Sometimes, the simplest ideas are the most effective.
When Bridlington Priory wanted a way to commemorate the 100th anniversary of the end of World War One, they came up with something which seems straightforward but has an incredible impact.
They have created 335 life-size cardboard silhouettes, which have been placed around the pews of the imposing 900-year-old church.
It is emotional, poignant and takes your breath away to see a tribute on such a scale in an already awe-inspiring building.
“It has been an emotional thing to do,” said the Rector, the Rev Matthew Pollard. “We have had families in looking for their ancestors.”
Four different templates have been made, one for soldiers, one for sailors, one for airman and one to mark the emigrants from Bridlington who died while serving with the Australian forces.
Each of the four designs has a different hat, and all 335 have a name badge showing the name, rank, regiment and age at death of the men.
There is also one unnamed silhouette to represent an Unknown Warrior.
The idea of the silhouettes came partly from the tribute to the airmen at the Lissett Memorial
Artist Stephen Carvill, who made the Gansey Girl statue on Bridlington Harbour, drew up the basic designs.
“I made templates from paper and it only took a short time. I think Helen (church warden Helen Hughes) and I had a very similar picture in our minds and we knew this was right.I’m used to working with stone but this is just as powerful.”
Helen was a key figure in the project from the start, taking it from an idea to a very striking reality.
She said: “The card came from a mill in Lancashire, and it is all recycled, but it needed to be rigid enough for the figures to sit up.”
They have been dotted around the church in a random order, although four of the fallen who were members of the Priory Choir a decade ago have been placed in the choir stalls.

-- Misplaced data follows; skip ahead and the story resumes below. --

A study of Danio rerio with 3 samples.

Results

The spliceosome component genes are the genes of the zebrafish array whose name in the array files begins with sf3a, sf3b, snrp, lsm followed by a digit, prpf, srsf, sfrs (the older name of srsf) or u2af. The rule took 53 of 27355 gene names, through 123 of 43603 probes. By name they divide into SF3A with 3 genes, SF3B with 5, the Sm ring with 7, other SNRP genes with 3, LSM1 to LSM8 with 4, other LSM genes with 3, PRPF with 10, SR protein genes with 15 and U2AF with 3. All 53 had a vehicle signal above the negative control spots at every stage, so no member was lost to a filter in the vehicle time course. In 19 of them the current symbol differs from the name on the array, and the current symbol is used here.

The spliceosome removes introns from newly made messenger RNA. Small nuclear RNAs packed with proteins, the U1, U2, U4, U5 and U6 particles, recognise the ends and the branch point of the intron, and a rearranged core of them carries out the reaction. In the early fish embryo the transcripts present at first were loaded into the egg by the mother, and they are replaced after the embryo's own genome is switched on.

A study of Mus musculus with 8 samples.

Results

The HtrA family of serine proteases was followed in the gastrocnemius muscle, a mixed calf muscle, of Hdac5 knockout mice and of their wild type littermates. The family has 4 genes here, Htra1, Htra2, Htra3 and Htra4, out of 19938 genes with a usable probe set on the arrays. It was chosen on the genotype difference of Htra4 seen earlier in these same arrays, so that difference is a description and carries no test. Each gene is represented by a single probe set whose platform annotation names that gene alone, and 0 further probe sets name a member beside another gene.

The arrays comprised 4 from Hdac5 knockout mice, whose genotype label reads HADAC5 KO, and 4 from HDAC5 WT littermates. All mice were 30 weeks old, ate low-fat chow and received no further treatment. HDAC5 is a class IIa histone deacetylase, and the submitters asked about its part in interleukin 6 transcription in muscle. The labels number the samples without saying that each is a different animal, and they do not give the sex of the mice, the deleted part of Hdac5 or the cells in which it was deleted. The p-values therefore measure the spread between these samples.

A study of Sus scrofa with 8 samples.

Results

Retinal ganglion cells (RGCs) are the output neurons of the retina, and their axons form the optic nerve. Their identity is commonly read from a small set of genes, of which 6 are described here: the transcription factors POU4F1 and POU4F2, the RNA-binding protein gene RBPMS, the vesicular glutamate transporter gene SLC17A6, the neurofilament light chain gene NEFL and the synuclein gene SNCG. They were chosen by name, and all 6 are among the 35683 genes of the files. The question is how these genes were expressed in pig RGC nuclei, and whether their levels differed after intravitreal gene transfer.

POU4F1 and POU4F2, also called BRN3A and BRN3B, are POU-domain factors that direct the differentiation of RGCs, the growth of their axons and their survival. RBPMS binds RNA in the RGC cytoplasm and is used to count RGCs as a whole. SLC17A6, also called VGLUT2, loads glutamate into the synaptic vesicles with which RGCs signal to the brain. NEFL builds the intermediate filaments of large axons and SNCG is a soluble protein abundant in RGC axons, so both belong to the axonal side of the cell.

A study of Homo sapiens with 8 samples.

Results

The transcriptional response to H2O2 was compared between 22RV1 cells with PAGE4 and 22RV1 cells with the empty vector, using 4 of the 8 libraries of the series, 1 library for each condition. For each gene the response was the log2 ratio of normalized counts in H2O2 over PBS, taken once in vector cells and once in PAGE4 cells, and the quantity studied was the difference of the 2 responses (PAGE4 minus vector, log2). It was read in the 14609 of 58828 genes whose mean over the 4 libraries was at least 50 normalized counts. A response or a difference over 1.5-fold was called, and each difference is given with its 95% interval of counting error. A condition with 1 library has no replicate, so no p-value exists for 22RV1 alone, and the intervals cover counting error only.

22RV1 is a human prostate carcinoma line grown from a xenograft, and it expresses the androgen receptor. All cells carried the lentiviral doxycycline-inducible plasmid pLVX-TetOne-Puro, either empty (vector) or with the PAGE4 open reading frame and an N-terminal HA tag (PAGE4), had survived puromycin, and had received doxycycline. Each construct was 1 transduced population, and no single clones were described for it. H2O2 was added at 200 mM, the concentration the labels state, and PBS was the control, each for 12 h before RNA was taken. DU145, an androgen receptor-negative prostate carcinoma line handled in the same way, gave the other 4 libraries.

At the back of the church, at the memorial to the Green Howards regiment is to silhouette representing Capt George Bell Purvis.
He died in Belgium in 1917. Years later his father, who was a chemist in Bridlington at the building which is now H Samuel jewellers, donated the temporary cross which was placed on his grave overseas to the Priory.
Helping with information like this has been local historian and author Chris Bonnett, who has written a book with Mike Wilson chronicling the Bridlington men who died in the war. Chris cut out the silhouettes representing his great uncle John Henry Simpson and his wife’s great uncle William Henry Lamplough.
“War affects us all, one way or another. I was absolutely stunned when I first saw this.” he said.
Rev Pollard said making the project work had been down to many members of the Priory community.
“It has been a great team effort. People were so enthusiastic,” he said. “We had a couple of Saturday morning sessions cutting out and members of the congregation took them home and you would see them walking into church with half-a-dozen under their arm.”
Visitors have been quick to praise the installation, which will remain in place until November, although the figures can be moved if necessary, when the church hosts a concert or a wedding.
Rev Pollard said: “After the 1940s festival, people I didn’t even know found my email address and sent me a message saying they had been moved to tears when they came in.”
Chris added: “I work at the Bayle Museum and I had three ladies come in in tears and say it is a fantastic thing.”
The census of 1911 showed that Bridlington’s population was around 8,000.
Just over 2,000 were men aged between 15 and 49 years old, which means one in six men of fighting age from the town died during World War One.
The youngest to give his life was George Denny, who was just 16.
121 children were left without a father.
Of the 335 casualties from Bridlington, 301 were soldiers, 28 were sailors and six were airmen from the Royal Flying Corps, which became the RAF in April 1918.
Members of the same family have been kept together and a chaplain has been placed at the front of the church.
After Remembrance Day, descendants will be allowed to take the silhouette of their loved one home as a memento.
Church warden Helen Hughes said: “The lighting in the church makes them look wonderful, you get the reflection from the cushions which turns them red like poppies.
“And the colours from the stained glass really comes through in the afternoons.
“People who remember the survivors are getting fewer and fewer, so this is a wonderful tribute.”